By Samuel Lutwama

Added 28th June 2016 11:18 PM

She believes that if Ugandans work together as a team, the vice can be stemmed out


She believes that if Ugandans work together as a team, the vice can be stemmed out

The reigning Miss Uganda UK beauty queen; Natasha Mutebi is not fazed by her title; instead she is using it fight for the rights of children through highlighting the plight of child sacrifice in Uganda.

Natasha a Bio-Medical Science student at Queen Mary University in London was set for a tough curve in life but through self-improving books on speech and self she excel at Taibah International School and sat for Cambridge International Exams which she passed with AAAA in Chemistry, English, Biology History, Literature and B in Geography and Mathematics.

From Uganda, she embarked on her science course in London. Her predecessor Gladys Kyotungire during her tenure used her childhood experience of surviving child sacrifice to champion awareness.

Mutebi’s self-belief influenced her open-minded heart towards others.

“I may not have a child now, but I believe that every child is your child and is the theme of our campaign,” she said.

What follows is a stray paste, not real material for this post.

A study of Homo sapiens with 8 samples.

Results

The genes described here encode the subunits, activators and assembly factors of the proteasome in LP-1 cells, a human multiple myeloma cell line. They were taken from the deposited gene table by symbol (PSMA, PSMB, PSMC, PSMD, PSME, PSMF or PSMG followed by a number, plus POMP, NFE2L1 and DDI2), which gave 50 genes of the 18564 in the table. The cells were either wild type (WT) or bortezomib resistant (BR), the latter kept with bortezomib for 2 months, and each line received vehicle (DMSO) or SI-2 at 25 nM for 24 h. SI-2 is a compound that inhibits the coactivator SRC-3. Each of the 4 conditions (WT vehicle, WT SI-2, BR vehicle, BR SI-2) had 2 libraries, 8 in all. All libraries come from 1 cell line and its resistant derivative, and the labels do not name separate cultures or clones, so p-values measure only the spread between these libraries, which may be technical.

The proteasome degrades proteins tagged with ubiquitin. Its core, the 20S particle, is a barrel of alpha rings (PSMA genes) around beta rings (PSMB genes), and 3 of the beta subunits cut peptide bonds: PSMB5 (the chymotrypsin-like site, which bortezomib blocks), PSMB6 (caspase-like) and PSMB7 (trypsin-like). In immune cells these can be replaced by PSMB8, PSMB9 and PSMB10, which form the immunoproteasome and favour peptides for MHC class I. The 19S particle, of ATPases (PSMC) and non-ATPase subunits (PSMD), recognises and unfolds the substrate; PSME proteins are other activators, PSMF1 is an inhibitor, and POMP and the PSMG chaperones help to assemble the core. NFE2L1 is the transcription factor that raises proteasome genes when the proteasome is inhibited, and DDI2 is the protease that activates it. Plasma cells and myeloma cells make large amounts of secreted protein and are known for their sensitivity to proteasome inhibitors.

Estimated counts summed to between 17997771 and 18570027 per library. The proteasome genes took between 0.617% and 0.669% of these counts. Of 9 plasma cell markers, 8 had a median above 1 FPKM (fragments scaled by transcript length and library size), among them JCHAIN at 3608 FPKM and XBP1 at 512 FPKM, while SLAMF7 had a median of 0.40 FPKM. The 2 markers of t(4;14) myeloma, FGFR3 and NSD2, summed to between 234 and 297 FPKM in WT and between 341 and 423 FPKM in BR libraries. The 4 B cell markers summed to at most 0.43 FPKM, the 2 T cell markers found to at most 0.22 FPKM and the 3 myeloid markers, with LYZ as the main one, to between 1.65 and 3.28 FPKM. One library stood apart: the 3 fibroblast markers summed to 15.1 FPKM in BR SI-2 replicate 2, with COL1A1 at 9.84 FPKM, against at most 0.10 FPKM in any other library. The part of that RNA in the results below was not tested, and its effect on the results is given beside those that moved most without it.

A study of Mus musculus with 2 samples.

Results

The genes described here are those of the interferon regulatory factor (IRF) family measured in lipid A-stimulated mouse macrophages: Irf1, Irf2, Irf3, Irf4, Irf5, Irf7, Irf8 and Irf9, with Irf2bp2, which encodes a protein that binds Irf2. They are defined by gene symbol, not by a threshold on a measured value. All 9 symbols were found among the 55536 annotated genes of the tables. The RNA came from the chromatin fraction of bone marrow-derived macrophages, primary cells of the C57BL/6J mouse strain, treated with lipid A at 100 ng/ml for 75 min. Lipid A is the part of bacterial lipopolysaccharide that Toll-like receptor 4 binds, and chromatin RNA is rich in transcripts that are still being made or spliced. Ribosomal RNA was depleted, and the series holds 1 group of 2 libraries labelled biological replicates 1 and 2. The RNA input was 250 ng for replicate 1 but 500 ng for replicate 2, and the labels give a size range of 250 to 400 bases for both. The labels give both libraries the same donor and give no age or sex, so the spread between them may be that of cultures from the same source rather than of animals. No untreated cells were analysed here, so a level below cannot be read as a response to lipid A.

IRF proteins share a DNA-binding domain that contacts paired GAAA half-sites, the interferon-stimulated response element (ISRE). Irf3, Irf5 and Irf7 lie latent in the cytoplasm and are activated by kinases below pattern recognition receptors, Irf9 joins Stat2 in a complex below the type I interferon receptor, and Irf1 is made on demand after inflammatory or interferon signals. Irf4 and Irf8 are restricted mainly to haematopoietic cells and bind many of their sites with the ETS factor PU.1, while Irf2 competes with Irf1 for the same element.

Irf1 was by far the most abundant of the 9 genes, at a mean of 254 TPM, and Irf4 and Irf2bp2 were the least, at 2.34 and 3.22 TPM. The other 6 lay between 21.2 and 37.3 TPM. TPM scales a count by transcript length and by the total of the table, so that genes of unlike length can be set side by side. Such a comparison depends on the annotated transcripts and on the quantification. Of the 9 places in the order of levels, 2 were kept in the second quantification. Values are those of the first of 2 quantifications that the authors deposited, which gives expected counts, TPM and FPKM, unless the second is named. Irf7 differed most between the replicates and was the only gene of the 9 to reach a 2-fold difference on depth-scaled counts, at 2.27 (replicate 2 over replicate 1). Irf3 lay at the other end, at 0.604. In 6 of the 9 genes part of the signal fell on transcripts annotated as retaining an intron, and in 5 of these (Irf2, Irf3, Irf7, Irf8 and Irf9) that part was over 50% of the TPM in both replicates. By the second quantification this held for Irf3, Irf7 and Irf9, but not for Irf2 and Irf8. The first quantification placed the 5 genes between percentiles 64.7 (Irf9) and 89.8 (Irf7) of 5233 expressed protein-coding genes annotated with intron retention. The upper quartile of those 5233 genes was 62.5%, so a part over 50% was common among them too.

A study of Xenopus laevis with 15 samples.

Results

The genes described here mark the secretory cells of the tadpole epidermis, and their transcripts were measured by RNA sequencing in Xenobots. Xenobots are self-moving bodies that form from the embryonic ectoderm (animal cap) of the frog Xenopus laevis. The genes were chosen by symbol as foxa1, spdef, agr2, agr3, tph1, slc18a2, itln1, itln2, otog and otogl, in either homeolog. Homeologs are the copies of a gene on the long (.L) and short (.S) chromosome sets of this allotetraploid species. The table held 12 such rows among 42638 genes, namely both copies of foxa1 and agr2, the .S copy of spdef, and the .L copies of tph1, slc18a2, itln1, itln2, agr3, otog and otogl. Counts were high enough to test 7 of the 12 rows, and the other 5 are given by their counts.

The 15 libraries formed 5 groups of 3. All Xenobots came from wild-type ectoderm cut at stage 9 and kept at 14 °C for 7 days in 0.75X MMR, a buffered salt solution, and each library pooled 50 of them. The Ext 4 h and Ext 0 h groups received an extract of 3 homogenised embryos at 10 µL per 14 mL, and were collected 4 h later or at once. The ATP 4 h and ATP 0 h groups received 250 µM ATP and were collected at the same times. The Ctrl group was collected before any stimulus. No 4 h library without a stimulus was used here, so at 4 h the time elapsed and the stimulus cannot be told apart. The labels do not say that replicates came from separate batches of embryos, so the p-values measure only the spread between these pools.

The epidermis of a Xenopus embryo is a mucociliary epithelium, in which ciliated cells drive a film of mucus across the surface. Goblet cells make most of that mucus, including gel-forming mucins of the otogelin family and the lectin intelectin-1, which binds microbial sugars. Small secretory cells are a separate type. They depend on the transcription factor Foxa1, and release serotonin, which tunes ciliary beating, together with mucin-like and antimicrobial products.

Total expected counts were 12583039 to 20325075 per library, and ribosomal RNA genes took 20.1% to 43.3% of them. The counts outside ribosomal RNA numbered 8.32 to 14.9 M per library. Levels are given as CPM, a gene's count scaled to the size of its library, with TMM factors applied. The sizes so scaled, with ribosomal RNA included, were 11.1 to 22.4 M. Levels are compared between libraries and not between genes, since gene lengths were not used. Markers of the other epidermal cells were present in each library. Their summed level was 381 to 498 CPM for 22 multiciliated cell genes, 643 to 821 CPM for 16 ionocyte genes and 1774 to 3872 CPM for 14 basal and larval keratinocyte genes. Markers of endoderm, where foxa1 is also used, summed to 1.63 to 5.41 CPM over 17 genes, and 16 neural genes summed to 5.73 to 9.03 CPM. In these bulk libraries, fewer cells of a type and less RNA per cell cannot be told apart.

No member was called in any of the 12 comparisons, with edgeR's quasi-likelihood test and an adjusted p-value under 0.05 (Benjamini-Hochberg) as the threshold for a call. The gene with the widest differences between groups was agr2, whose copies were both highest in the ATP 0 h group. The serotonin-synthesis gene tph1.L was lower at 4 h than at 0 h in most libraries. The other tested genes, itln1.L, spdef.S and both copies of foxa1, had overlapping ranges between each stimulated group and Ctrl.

She believes that if Ugandans work together as a team, the vice can be stemmed out.

“It takes a collective responsibility to fight and win a war against social evils and I want to use my position to do my part,” she added.

utebi with yotungire at ld ampala rimary chool hoto by am utwama Mutebi with Kyotungire at Old Kampala Primary School. Photo by Sam Lutwama


When she won the beauty pageant in 2015, she decided to use her position to focus on the dangers of child sacrifice that mostly affects children between 5- 18.

Mutebi partnered with Kyotungire to launch the campaign at Kide Nursery and Boarding Primary School in Kasangati, Wakiso District where they lectured the children about the vice while pointing out the precautionary measures to arm themselves with.  

The headmistress of Old Kampala Primary School, Josephine Nakibuka gave thanks to the pair while acknowledging that their intervention comes as a blessing at a time when many children have been sacrificed in traditional rituals in pursuit of financial and material gains.

Nakibuka pointed out the example of an 18 year old man in Busia who sacrificed his young brother with the promise of financial gain.